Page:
An open-source truism is: "Nothing is released until it's ready." Well, sometimes that's true and sometimes you have situations like the one with Debian Linux's next release: Debian 5 "Lenny."
First, the good news: Debian 5 really is close to arriving. On January 31st, the Debian developers announced that Lenny's second release candidate was now out. Debian programmers tell me that really should be the last one and that the final version should be out by Valentine's Day.
So, what took them so long? Lots of things, but, as usual with Debian, mostly arguments.
The Debian community, which over the years has had more than its fair share of internal battles over open-source/free software ideology, had to endure yet another battle before Lenny could appear. This time around it was whether proprietary firmware in the form of binary blobs could be in the distribution. Debian Social Contract fundamentalists want nothing to do with proprietary firmware. In particular, they didn't want to include binary firmware in the kernel, which would be loaded into hardware at runtime.
If you're outside the Linux developer world, you might think that deciding whether to include binary blobs or not wouldn't be that big a deal. In Debian circles, however, this is a screaming-fit, jump up and down issue.
To bring the issue to a close, the Debian organization brought it to a vote. This wasn't a simple 'yes, we'll include binary, potentially proprietary, firmware' or "no, we won't" vote.
Debian, in attempting to be fair, uses a voting methodology that only elections wonks could love. Each voter ranks the available options in an order that reflects their preference. So, if you were voting in the U.S. Presidential election, you wouldn't vote for just one candidate. You'd vote, for example, for Obama 1st, Nader 2nd, and McCain 3rd.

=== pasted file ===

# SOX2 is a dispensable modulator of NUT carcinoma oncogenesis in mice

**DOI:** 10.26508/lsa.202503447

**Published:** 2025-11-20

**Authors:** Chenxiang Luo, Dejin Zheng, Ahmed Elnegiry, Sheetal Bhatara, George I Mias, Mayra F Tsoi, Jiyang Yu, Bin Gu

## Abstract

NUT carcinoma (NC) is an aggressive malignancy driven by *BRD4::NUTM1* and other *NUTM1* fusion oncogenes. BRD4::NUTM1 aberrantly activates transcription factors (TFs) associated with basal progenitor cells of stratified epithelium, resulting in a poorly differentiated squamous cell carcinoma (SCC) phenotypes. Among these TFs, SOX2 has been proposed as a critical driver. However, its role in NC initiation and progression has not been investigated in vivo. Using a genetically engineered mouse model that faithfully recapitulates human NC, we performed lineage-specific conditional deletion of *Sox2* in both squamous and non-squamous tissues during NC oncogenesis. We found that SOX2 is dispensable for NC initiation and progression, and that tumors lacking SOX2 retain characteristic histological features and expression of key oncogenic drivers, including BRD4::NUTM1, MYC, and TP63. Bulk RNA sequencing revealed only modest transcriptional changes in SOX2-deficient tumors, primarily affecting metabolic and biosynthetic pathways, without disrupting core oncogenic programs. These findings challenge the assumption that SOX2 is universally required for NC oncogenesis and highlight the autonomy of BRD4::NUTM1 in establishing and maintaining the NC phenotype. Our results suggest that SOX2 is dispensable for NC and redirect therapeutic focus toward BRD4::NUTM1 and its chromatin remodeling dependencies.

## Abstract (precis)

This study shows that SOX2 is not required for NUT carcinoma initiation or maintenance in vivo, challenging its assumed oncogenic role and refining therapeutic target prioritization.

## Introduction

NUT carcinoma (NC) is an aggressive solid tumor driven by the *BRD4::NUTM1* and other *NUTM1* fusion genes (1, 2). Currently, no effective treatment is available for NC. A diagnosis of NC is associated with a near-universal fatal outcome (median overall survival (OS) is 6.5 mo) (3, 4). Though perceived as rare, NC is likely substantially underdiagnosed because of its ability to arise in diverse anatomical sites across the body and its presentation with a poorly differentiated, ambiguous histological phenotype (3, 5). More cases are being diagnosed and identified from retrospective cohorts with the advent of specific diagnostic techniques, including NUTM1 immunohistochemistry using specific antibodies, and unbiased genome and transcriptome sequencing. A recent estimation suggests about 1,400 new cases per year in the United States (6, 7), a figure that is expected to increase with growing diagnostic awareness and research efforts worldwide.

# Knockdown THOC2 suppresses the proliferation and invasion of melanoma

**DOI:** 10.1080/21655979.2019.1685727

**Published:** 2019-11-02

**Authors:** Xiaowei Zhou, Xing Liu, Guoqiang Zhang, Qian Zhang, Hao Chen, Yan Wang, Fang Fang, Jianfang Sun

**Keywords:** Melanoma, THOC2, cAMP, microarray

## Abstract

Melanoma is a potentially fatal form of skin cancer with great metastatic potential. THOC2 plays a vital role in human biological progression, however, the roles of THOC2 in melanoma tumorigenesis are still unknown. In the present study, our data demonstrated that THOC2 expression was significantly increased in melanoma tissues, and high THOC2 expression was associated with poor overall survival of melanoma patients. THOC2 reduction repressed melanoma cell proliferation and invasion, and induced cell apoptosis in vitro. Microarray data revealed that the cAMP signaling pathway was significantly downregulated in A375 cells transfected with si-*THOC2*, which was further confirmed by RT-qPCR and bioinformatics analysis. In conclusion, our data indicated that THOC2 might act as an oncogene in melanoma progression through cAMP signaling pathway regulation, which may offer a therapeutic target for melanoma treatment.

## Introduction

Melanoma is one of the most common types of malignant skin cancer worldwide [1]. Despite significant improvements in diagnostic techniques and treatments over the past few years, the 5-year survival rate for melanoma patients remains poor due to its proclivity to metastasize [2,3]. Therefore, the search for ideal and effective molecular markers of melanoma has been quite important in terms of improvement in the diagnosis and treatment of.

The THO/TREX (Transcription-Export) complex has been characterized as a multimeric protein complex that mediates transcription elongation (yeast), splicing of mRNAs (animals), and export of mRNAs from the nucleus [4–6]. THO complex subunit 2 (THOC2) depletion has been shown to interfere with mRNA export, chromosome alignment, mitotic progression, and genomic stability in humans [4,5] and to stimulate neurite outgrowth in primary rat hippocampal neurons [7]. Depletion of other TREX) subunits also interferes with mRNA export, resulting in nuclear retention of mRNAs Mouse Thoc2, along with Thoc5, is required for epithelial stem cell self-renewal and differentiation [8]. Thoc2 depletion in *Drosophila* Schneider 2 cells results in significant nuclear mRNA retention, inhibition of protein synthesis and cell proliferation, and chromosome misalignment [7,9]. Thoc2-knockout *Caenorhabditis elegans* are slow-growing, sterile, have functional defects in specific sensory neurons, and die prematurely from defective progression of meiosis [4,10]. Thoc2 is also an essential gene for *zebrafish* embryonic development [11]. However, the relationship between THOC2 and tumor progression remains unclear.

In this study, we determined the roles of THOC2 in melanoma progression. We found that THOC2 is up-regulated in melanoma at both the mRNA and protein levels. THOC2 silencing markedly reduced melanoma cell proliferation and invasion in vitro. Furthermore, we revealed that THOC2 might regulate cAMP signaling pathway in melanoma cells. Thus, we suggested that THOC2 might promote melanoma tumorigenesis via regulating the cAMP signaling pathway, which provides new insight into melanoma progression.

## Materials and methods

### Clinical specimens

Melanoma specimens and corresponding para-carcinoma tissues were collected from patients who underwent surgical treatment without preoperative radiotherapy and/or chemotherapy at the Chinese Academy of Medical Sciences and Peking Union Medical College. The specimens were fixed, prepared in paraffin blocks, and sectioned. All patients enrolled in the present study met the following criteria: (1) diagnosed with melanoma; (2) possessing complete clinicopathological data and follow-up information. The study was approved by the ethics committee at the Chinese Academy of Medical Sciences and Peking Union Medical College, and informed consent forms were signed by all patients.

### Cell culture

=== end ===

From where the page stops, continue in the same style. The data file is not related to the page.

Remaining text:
To determine a winner, Debian uses the Condorcet Method with Schwartz Sequential Dropping. Sounds likes it's complicated and that it might lead to arguments over which proposition really won doesn't it? You'd be right on both counts.
Debian elections are overseen by the Debian Project secretary. This time around Manoj Srivastava, who had been the secretary since 2001, was accused of deliberately mismanaging the ballot and voting to ensure that binary firmware would be allowed in Lenny. So, Srivastava, conceding "that I have made mistakes with the current set of votes" but taking issue with the "many consider that I have been the epitome of sleaze over the years, manipulating votes for my own ends," resigned. And, who could blame him?
The vote went forward anyway. And, in the end, the winner out of seven options, was, drum-roll please, ""We give priority to the timely release of Lenny over sorting every bit out; for this reason, we will treat removal of source less firmware as a best-effort process, and deliver firmware as part of Debian Lenny as long as we are legally allowed to do so."
Needless to say, this result has not made some Debian developers happy and others, even though 'their side' won have left the distribution. Linux development watchers have seen this kind of Debian internal wars before, for example the 2006 battle over some Debian developers being paid for their work.
Somehow, and don't ask me how, Debian has managed to survive yet another internal civil war, and so I expect Lenny to make out this month. I really don't think that Debian can continue this way.
Debian, while less important in and of itself in Linux circles, is still the foundation for such popular distributions as MEPIS, Mint, Ubuntu, and Xandros. So, I hope, I really do, that Debian's community can become more of a real community again instead of a collection of warring factions. Linux needs Debian's developers' strength; it doesn't need their frequent, bitter arguments.